Chemical characteristics of snow in the ablation zone of Canada Glacier in the McMurdo Dry Valleys, Antarctica during the 2016-2017 austral summer


This data package contains chemical characteristics of snow in the ablation zone of Canada Glacier, located in Taylor Valley, McMurdo Dry Valleys, Antarctica during the 2016-17 austral summer. Specifically, snow samples were collected from the ablation zones of Canada and Commonwealth Glaciers to characterize the chemistry of recent snowfall in the ablation zones of these glaciers. Samples were collected in triplicate near mass balance stakes on the same date ice cores were collected as part of a larger study characterizing the spatial and temporal geochemical evolution of glacial meltwater. A subset of snow samples collected from Canada Glacier have been analyzed and are included here. This package may be amended in the future if analysis of the remaining samples from both Canada and Commonwealth Glaciers occurs.


  • 28 November 2016, Canada Glacier: Snow was collected from snowfall that began on 21 November 2016. Total accumulation was approximately 6 inches. Some snow melt was observed on the glacier at the time of sampling, particularly in more sloped locations. Samples were collected integrating the entire depth of snow, approximately 3 inches.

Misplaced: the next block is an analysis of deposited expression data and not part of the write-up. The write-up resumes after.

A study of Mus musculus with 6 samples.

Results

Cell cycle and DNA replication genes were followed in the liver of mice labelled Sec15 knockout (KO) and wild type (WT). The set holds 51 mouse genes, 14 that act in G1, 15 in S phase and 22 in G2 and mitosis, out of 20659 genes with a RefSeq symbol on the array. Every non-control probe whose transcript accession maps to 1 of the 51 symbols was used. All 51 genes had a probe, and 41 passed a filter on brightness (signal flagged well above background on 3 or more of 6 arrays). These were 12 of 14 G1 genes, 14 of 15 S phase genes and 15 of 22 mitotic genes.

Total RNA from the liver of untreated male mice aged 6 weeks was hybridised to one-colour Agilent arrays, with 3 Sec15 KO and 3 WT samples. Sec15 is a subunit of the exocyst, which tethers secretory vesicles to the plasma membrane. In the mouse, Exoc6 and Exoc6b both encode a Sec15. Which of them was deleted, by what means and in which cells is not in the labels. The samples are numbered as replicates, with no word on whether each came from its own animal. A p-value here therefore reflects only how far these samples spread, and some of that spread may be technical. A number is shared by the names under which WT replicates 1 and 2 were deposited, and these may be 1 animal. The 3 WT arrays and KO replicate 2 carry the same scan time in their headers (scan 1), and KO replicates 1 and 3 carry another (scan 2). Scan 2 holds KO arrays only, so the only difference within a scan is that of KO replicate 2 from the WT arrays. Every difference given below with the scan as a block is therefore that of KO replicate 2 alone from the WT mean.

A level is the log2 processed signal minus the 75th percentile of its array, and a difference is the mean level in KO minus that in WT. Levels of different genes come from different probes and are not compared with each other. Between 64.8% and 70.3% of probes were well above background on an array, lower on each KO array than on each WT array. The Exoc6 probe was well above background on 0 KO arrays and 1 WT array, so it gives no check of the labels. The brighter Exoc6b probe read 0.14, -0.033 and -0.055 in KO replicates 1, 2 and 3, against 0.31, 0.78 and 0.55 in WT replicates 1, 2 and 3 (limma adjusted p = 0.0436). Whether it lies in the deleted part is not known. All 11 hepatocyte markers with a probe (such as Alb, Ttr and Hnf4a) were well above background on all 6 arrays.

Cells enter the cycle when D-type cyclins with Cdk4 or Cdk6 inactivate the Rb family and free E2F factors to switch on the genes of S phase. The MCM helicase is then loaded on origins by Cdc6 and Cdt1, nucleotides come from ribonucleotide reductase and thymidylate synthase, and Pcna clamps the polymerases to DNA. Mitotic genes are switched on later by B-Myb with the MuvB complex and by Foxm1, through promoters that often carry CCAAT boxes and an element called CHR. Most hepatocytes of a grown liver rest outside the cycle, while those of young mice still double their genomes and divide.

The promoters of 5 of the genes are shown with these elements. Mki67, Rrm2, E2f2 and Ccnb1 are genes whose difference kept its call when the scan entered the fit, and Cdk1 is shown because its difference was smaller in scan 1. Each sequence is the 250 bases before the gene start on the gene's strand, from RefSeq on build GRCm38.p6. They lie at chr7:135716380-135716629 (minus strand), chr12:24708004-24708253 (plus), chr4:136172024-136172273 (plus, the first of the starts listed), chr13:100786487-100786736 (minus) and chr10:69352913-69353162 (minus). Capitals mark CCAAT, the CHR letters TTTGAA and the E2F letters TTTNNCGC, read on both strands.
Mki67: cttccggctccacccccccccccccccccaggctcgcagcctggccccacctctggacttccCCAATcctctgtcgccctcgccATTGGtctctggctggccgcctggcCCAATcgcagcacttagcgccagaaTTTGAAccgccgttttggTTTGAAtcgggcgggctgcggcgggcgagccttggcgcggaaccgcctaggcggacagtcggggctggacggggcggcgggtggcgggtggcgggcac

• 6 December 2016, Canada Glacier: Additional snow samples were collected at the #52 and #54 ablation stakes (same as on 28 November 2016). Snow was crusty and had been redistributed as a result of a Foehn wind event that had occurred on 1 December 2016. More sediment was visible in the snow.
  • 12 December 2016, Canada Glacier: Snow was collected from the #52 and #54 ablation stakes in depressions that had collected/maintained wind-blown snow.
  • 13 December 2016, Commonwealth Glacier: Snow was collected from the #5, #6 and #10 ablation stakes. There was approximately 2 inches of snow on top of ice at the time of collection.